December 09, 2002, 4:51 pm
Because we're reading I Know Why the Caged Bird Sings next, I'm having my students write a personal narrative about a journey that they've completed in their lifetime. I've given this assignment three times to roughly 300 students, and I haven't yet been prepared for the stories that I've heard.
Parents' divorces. Dead brothers/sisters. Abuse. Car accidents. All very, very tragic stories, I've always thought, but they're peppered with the odd making-the-soccer-team or when-my-cheerleading-squad-won-first-place-at-our meet to make them somewhat bearable.
As each student works on his/her draft, I meet with each kid individually to assess if his/her topic is do-able, if they're on the right track with description, if they have all of their commas in the right places, etc. As they work in peer revision groups, I meet with them again to scan their 2nd draft and to make my final corrections before they go to a final copy.
Today I got a bit more than I expected on a paper.
Adam is a bright-eyed sweetie pie that wears wire-rim glasses and has a nice smile. He's awfully quiet, but will volunteer every once in a while when he feels confident. He has a good heart; he's kind to his classmates, and he saved me a cookie from his Spanish food day just "because you looked down today, Ms. B."
His paper started, "I first noticed something was wrong when my mom turned left instead of right in the middle of the road." It goes on to mention several bouts of "mistakes" that his mom makes: putting laundry in the dryer twice, wearing two different shoes with her pajamas to go out, forgetting Adam from school. One day, his mother forgot where they lived, and he had to show her the way home.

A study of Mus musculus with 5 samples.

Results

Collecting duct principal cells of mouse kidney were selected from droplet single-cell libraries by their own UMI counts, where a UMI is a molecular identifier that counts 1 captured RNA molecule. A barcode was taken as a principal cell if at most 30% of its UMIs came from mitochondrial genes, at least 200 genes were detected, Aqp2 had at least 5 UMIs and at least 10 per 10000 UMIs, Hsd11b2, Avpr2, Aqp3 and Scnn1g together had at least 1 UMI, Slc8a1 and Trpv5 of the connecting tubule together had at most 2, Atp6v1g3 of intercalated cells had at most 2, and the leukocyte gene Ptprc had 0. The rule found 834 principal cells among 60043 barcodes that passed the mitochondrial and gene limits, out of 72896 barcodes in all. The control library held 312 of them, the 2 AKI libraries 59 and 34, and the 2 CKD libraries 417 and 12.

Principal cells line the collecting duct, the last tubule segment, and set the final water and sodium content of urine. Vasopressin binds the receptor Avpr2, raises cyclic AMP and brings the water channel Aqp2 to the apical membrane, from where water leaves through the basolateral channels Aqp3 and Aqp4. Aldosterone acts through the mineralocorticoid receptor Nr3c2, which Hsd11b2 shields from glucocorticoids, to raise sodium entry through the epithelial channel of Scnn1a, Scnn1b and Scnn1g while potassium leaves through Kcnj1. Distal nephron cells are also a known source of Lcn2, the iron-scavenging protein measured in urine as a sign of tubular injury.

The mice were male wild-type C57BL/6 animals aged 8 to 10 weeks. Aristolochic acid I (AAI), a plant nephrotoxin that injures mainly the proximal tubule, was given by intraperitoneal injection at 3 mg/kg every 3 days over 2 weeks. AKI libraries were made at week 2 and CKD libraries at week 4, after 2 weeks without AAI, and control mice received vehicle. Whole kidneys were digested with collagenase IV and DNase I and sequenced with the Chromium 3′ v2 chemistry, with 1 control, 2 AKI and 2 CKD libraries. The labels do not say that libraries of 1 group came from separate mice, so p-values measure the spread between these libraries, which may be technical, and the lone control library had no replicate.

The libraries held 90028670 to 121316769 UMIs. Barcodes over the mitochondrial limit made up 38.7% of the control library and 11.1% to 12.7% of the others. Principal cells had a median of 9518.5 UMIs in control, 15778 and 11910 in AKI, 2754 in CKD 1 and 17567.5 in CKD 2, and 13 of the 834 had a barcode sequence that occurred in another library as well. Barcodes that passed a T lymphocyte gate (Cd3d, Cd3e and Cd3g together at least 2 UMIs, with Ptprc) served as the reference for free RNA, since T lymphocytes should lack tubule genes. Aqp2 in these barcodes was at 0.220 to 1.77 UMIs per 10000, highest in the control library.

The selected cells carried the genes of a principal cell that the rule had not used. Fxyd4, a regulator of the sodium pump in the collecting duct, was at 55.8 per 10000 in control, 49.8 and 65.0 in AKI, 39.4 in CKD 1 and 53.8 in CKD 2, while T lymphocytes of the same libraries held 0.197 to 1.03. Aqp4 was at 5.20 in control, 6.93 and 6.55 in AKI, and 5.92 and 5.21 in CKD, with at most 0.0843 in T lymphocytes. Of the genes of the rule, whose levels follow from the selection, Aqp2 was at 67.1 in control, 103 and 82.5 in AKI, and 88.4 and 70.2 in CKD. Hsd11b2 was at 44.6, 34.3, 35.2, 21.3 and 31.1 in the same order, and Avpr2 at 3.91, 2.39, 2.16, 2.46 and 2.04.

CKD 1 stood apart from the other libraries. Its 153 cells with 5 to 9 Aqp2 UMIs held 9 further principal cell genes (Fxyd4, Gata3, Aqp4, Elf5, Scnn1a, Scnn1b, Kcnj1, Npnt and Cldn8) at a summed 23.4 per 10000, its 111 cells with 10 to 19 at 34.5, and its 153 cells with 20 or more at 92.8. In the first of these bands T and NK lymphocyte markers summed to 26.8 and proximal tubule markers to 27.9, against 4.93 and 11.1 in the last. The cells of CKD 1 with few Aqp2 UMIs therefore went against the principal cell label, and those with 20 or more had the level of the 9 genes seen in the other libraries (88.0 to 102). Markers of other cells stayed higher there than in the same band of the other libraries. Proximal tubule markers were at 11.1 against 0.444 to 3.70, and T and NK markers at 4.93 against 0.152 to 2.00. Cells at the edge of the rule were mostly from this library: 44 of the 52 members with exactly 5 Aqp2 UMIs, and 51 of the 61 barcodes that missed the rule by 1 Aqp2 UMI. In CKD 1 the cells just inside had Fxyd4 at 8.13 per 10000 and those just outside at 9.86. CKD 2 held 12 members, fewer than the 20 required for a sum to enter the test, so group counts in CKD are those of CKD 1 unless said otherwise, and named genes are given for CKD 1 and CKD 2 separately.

Adam's mother has a rare form of Alzeheimer's disease; extremely rare considering she wasn't barely fifty.
"I was ten, and I wanted to have a mom, but I ended up having to play dad along with my own dad. How many moms do you know that cry when their sons won't give them candy?"
Adam's mother doesn't recognize him now, and she hasn't for two years.
"There are lots of things that I would like for her to see me do, but she can't. Even if she could, she wouldn't know who I was or why I was special to her."
"People wonder sometimes why I'm so quiet, or why I'm always daydreaming, it's because I can't talk about this. No one I know understands, and I can't make them understand. Thank you, Ms. B., for giving me this assignment. I didn't realize how writing can set your emotions free."
As I sat reading Adam's essay, I teared up. He looked at me, patiently, expectantly, waiting for me to say something. The bell rang.
I smiled, "Adam," I said, "this is the best example of 'Show--don't tell' writing I've ever seen anyone your age write."
"Thank you for sharing this with me," I said, my voice cracking a little.
"Thanks for letting me write this, Ms. B," he said, smiled, and left for his next class.
I suppose the therapeutic power of writing should never be underestimated by anyone. I'm a bit stuck though, wondering how I can make a child who has gone through so much already think that Shakespeare is important. How can I expect him or anyone with similar background experiences see any relevance in what I teach to their tribulations that plague them at home? I, for once, don't have a snappy answer, and I, for once, feel as though I've been taught something instead.